THE BASIS POINT

Which Fed Members Want To End Bernanke’s Low Rate Party

Last week, Bespoke Investment Group said this about the impact of quantitative easing (aka Fed bond buying to keep rates low) on stocks, mortgage bonds (MBS), and the broader economy:

With the Fed continuing to pump $85 billion in liquidity into the markets on a monthly basis, one would expect the party in equities and most areas of fixed income to keep going. The big question is what happens when the music stops. The chart below is one we have shown several times over the last few years and basically compares the Fed’s balance sheet to the S&P 500. As the size of the Fed’s balance sheet increases, the S&P 500 has risen, and each time the Fed paused, equities declined. Based solely on the last four years, investors have every right to be looking over their shoulders to make sure the Fed is still there.

SP500_vs_Fed_MBS_Treasury_Holdings

While the outlook for the Financial markets once the Fed starts to try and exit is uncertain, we think the time for them to exit will come later rather than sooner. Going back to 1930, the average annual growth rate of the US economy has been 3.3%, but the last time the economy even grew by 3% in a given year was in 2005, which was the year Bernanke became Fed Chairman. At seven years and counting, Bernanke has presided over the longest stretch of sub 3% growth ever. With a record like that, we wouldn’t expect him to pull the plug until he is extremely confident that the US economy will see 3% growth.

Lower GDP in the Bernanke era is certainly a good rationale for why the Fed might hold steady on QE. But Bernanke is known for his consensus management style, and there’s growing dissent in the Fed ranks on when to wind down QE—or at least signal a wind down. Rates rose last week as bond markets were rattled by such signals.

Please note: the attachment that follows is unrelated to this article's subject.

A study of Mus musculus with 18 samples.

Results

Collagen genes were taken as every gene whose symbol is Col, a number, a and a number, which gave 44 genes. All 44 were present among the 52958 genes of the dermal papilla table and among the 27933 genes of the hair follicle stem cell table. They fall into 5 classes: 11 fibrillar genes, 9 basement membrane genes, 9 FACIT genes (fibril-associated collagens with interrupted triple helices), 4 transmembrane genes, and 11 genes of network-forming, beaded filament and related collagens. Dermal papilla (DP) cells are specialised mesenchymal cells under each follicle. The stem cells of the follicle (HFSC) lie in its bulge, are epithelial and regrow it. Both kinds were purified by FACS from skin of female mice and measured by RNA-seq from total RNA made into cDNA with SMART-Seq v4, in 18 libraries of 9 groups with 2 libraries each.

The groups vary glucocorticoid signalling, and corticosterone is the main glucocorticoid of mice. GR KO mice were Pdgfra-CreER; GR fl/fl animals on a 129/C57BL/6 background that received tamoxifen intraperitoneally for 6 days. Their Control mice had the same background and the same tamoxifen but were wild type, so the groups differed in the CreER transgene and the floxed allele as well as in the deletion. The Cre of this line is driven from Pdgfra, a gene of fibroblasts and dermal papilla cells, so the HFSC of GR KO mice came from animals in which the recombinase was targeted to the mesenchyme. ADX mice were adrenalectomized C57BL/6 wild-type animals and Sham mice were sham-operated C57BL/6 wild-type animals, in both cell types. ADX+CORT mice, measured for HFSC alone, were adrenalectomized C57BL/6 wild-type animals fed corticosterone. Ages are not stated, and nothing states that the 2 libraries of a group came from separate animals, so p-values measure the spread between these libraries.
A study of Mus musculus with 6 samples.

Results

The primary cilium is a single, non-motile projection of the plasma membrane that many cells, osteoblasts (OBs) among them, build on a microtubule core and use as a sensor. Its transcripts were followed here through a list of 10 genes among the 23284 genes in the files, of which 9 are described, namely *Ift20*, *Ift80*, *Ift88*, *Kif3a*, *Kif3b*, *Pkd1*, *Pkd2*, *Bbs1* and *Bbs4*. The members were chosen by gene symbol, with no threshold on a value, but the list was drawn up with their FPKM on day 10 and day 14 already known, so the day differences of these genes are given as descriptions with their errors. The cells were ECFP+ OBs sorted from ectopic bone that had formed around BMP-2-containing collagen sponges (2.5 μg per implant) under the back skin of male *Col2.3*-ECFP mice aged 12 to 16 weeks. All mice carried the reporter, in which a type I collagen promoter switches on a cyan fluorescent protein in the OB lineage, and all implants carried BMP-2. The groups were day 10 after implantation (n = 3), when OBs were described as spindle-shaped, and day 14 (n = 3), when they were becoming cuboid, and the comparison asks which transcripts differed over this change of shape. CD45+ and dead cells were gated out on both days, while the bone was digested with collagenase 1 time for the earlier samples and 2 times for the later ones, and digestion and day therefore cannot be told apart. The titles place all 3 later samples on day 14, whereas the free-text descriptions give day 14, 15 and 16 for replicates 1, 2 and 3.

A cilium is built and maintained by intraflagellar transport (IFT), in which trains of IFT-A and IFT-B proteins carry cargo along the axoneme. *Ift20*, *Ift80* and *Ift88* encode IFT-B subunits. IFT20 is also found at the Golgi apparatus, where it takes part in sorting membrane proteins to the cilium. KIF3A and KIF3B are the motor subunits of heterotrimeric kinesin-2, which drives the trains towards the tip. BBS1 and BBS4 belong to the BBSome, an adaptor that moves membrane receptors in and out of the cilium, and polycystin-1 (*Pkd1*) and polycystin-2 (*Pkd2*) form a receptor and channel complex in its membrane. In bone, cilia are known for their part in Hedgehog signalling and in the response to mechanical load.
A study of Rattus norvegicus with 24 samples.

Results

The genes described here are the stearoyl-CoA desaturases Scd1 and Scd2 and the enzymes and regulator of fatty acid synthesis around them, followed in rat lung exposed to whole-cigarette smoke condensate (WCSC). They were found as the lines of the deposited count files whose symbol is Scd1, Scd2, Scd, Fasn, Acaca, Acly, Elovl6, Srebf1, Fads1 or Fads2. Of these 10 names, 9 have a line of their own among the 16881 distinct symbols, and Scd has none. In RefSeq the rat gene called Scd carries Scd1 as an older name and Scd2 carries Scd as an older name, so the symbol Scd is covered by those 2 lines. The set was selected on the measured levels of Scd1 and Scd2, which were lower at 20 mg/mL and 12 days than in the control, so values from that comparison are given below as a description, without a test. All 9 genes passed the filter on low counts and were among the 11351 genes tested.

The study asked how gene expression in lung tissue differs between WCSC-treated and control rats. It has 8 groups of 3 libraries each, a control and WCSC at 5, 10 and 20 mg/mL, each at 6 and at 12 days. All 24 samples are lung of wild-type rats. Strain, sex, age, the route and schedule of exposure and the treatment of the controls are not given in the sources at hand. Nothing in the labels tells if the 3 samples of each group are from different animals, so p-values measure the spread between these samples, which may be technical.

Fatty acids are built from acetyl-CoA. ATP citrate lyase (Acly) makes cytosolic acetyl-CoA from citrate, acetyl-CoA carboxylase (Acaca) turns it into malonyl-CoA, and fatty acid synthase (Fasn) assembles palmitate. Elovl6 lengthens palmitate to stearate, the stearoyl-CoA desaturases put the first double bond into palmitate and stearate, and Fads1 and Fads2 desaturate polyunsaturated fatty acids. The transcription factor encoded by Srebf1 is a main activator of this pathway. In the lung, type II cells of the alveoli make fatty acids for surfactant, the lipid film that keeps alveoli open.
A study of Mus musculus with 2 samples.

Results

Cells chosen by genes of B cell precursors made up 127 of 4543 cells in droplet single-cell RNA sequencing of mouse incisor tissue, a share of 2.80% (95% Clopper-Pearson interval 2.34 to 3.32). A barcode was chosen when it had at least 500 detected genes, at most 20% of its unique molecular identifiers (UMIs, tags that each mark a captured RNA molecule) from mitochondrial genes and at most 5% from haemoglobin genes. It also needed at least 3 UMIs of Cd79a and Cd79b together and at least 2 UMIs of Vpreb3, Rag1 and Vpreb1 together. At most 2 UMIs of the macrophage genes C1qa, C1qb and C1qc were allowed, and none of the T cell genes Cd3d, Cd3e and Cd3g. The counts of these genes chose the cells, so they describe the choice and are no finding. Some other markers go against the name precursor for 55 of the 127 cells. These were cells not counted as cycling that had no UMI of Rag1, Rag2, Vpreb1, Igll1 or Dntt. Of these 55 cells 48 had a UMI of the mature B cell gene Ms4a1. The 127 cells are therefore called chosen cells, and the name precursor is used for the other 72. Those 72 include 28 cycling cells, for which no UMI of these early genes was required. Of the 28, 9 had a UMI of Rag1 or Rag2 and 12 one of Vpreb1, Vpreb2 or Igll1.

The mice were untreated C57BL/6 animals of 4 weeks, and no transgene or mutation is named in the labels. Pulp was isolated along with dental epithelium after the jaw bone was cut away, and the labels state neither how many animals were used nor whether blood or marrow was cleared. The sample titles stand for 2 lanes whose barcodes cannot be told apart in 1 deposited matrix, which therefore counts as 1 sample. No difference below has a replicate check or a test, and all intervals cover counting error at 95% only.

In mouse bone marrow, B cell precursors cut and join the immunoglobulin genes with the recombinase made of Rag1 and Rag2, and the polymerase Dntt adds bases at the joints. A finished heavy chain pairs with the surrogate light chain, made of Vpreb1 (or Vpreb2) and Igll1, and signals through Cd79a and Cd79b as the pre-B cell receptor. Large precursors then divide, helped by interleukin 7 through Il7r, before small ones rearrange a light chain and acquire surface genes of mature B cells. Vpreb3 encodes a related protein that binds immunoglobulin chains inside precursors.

Tuesday, I noted 3 QE wind down signals that were driving bonds lower and rates higher, then Thursday Bloomberg reported that 3 Fed officials want less MBS buying:

…Dallas Federal Reserve Bank President Richard Fisher said today buying mortgage bonds risks disrupting the market, while Philadelphia Fed President Charles Plosser said, “it’s not good for the bank to be holding lots of mortgage paper.” Jeffrey Lacker of Richmond said to reporters yesterday the Fed should “get out of the credit allocation business.”

… “When refinancing activity eventually shifts down, the Fed could soon be buying up to 100 percent of MBS issuance if the current purchase program continues,” Fisher said today in a speech in Houston. “Buying such a high share of gross issuance in any security is not only excessive, but also potentially disruptive to the proper functioning of the MBS market.”

… Lacker said yesterday the central bank should reinvest the principal from its mortgage bond holdings into Treasuries. “That would be a really reasonable step to contemplate at this point given the strength in the housing market right now,” he said to reporters in Baltimore.

… Plosser said today in a Bloomberg Television interview he “would like to see us get out of mortgage-backed securities.”

… Fisher said in response to audience questions he wants to see the central bank’s balance sheet eventually returned to an all-Treasuries portfolio. While Fisher has been one of the most outspoken opponents to bond buying among Fed officials, he said in February he didn’t want to stop purchases “cold turkey,” which could destabilize the market.

…“The housing market is on a self-sustaining path and does not need the same impetus we have been giving it,” Fisher said today to the National Association for Business Economics in Houston. With the success of continued buying “questionable,” he said, “I think we can rightly declare victory on the housing front and reel in — or dial back — our purchases, with the aim of eliminating them entirely as the year wears on.”

All relevant arguments for less QE (especially with respect to MBS, which directly impact mortgage rates) so it’s easy to think this counters Bespoke’s theory that QE will come “later rather than sooner.” But it actually supports it because these three Fed officials don’t get policy votes on the FOMC this year—voting FOMC members rotate (schedule) so Plosser and Fisher are alternates this year and will rotate back into voting roles next year, and Lacker won’t rotate in until 2015.

So it might take until next year for Fed Exit chatter to become policy.

Meanwhile, the 2013 votes indicate full tilt QE. On the surface anyway. At the May 1 FOMC meeting, 11 members voted in favor of current agressive QE policy and 1 voted against. We’ll get more details of what those voting members really think this coming Wednesday, May 22 when the minutes from that meeting are released. Market participants parse those minutes for the slightest hints of doubt coming from FOMC members who keep voting for more QE.

Until then, we could see more defensiveness in MBS, which means elevated rate levels.